Students to Tell What They’ll Read and Why : Books: Orange youths will tear themselves away from TV long enough to rate their interest in novels and nonfiction for a national group.


Jason Garcia hates reading. He’d rather listen to Metallica, watch a movie--anything but pick up a book.

“Why should I spend the whole day reading a book?” asked Jason, 16, a junior at El Modena High School in Orange. “I can spend two hours watching a movie or listening to an album and get the same entertainment.”

With the flash of MTV and the blasts from high-tech speakers available, bookshelves usually are not the first place teen-agers turn when they are bored. In most circles, youths would rather spend an hour of rocking with Axl Rose than a hour of discontent with Richard III.

But this year, middle and high school students in the Orange Unified School District will become literary connoisseurs. Selected by the Delaware-based International Reading Assn. to help rate contemporary novels and nonfiction, Orange students will have the unique opportunity to say what makes good reading and what, in their minds, stinks.


Popular books will earn the title of “Young Adult Choices” and will be featured in education journals.

As part of the program, the reading association has sent Orange Unified 600 newly published books, which will be distributed to five district high schools and five middle schools. The young critics have until February to read and critique their choices.

Students will indicate on their critiques whether they liked the books, hated them or thought them to be “OK.” Their reviews will be sent back to the association, which will then publish the results.

Thus far, the budding critics seem excited about the program, and that, educators say, is a victory in itself. According to a 1990 assessment report from the Educational Testing Service, an arm of the U.S. Department of Education, students read less for fun as they get older. Teen-agers “have very little to do with reading activities beyond those required in school,” the report says.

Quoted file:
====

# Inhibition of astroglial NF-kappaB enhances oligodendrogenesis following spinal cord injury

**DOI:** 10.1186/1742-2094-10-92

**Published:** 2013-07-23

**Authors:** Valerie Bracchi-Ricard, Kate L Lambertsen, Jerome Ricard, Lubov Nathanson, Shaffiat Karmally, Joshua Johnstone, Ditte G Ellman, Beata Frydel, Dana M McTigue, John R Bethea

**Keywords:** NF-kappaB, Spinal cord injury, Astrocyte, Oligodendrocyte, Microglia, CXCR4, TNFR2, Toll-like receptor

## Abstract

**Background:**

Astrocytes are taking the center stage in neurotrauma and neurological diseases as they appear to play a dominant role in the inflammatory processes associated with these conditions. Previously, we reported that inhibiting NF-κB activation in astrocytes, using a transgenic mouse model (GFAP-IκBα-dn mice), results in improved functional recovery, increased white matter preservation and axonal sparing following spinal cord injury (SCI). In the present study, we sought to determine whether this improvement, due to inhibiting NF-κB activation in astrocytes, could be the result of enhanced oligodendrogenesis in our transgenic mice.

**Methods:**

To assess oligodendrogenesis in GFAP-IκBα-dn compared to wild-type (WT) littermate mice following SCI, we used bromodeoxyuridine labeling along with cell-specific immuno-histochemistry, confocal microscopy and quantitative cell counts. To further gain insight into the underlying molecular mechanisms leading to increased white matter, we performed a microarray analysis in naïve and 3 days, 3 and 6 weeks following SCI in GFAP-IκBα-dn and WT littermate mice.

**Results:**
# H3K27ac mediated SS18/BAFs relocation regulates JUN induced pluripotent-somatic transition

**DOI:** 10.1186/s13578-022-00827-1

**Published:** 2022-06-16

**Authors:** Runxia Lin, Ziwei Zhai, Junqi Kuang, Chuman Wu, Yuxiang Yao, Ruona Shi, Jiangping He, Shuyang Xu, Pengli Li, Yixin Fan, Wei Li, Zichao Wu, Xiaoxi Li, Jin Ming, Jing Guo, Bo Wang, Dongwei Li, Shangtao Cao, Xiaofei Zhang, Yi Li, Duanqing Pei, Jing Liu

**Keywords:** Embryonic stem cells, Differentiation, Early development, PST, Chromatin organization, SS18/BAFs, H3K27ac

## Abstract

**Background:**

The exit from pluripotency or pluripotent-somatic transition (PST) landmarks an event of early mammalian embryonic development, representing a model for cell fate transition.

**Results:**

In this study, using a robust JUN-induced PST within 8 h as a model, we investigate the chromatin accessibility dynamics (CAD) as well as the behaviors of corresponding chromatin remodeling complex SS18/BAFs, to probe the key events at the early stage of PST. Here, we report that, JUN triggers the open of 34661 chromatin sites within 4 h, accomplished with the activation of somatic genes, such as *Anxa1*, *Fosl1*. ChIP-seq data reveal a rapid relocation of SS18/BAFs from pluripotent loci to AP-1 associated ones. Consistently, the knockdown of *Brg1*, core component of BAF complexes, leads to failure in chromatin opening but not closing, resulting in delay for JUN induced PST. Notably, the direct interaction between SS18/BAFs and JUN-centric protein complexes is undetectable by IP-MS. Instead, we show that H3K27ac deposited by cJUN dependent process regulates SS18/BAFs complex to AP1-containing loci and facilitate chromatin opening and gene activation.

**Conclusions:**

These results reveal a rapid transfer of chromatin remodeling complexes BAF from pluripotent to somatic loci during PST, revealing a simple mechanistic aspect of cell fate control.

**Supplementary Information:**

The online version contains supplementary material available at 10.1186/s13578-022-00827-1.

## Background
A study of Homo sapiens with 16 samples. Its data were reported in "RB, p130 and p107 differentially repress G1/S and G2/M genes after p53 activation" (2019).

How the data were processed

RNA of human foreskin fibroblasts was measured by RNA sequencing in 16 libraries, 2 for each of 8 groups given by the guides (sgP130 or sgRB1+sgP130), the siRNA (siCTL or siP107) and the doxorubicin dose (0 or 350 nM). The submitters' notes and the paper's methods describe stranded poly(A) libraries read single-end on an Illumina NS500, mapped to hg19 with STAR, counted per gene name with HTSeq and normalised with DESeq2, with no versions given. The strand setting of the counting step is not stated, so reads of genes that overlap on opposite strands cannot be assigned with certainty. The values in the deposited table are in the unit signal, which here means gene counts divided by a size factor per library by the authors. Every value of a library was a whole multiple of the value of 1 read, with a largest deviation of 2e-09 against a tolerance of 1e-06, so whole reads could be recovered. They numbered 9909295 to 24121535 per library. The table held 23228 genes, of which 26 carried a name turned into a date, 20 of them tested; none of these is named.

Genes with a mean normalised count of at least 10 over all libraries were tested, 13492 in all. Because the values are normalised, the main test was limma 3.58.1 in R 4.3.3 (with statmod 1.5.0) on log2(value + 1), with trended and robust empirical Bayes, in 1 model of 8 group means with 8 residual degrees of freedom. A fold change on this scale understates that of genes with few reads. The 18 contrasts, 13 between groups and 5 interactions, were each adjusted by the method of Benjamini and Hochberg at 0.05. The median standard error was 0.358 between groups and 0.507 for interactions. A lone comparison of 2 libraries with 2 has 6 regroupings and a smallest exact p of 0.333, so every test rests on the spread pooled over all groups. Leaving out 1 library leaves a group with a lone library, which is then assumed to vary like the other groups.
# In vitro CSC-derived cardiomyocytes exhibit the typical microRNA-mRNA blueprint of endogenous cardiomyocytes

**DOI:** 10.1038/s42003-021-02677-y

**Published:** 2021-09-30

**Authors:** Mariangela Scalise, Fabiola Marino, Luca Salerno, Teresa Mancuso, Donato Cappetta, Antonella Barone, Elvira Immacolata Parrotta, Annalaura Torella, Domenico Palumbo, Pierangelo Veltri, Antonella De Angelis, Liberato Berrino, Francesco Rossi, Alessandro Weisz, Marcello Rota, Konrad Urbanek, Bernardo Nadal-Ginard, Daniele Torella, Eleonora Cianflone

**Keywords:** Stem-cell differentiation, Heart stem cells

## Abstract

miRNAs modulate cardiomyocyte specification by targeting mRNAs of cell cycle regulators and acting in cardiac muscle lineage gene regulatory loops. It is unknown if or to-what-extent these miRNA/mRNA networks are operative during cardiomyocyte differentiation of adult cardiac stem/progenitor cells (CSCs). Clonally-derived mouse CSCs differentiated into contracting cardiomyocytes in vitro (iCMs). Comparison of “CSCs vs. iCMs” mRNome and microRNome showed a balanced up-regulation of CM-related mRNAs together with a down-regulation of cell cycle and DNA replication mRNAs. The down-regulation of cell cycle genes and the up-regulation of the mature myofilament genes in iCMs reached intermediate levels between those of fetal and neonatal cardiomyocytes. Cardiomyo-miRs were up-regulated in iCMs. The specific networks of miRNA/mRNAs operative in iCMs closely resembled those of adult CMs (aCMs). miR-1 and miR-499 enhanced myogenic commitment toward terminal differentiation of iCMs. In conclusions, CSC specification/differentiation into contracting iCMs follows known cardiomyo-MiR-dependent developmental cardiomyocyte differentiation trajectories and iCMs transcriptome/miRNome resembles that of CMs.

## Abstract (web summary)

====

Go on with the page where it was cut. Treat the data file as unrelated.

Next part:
Organizers of “Young Adult Choices” hope that the contemporary books to be issued by the association will sufficiently excite youngsters about reading to steer them to the classics or popular literary works.

“It’s exciting for kids to determine what their peers would want to read,” said Lori Morgan, chairwoman of Orange Unified’s reading department. “They feel more involved when somebody ask them what their choices are.”

Ask Eric Anderson, 16, what he thinks about books, and he’ll say he would die without them--especially now that his family’s TV is on the fritz.

“All my life, I hated to read,” Eric said. “But then one day, I picked up this series called ‘Robotech.’ I couldn’t stop reading. Books are kind of addictive that way.”


Eric said he will zero in on the horror and science-fiction books included in the International Reading Assn.'s selections.

A wide range of other topics will also be available for the young critics. Book selections include recollections of the Vietnam era, and subjects of special interest to youths, from weighty matters such as teen-age pregnancy to lighter fare, such as how to clear up acne.

Last year, the most popular selections in other districts around the country were subjects that usually pique a young reader’s curiosity but often make adults uncomfortable, said Mary Dupuis, a Penn State University education professor and a member of the reading association.

“Children choose to read books about death and divorce as well as issues that they can immediately relate to, like teen-aged pregnancies,” Dupuis said.


To give a “thumbs up” or “thumbs down” to a book is a chance in a lifetime, said Christel Sice, 15. A big fan of romance novelist Danielle Steele, Christel said she often becomes frustrated with a book but never before had the chance to vent her displeasure.

“There are some books out there that make you want to fall asleep,” Christel said. “I’ll like to tell people to stay away from them.”

Another student, Josh Sidwell, 16, whose favorite books are J.R.R. Tolkien’s “The Lord of the Rings,” similarly hopes to warn others to stay away from duds. But Josh pledged to enthusiastically endorse books that he thinks will open doors to new places and people for young readers.

“I love reading,” Josh said. “It’s as if I get personally acquainted with people in the books. They’re a great way to escape, and they’re a great way to learn about our world.”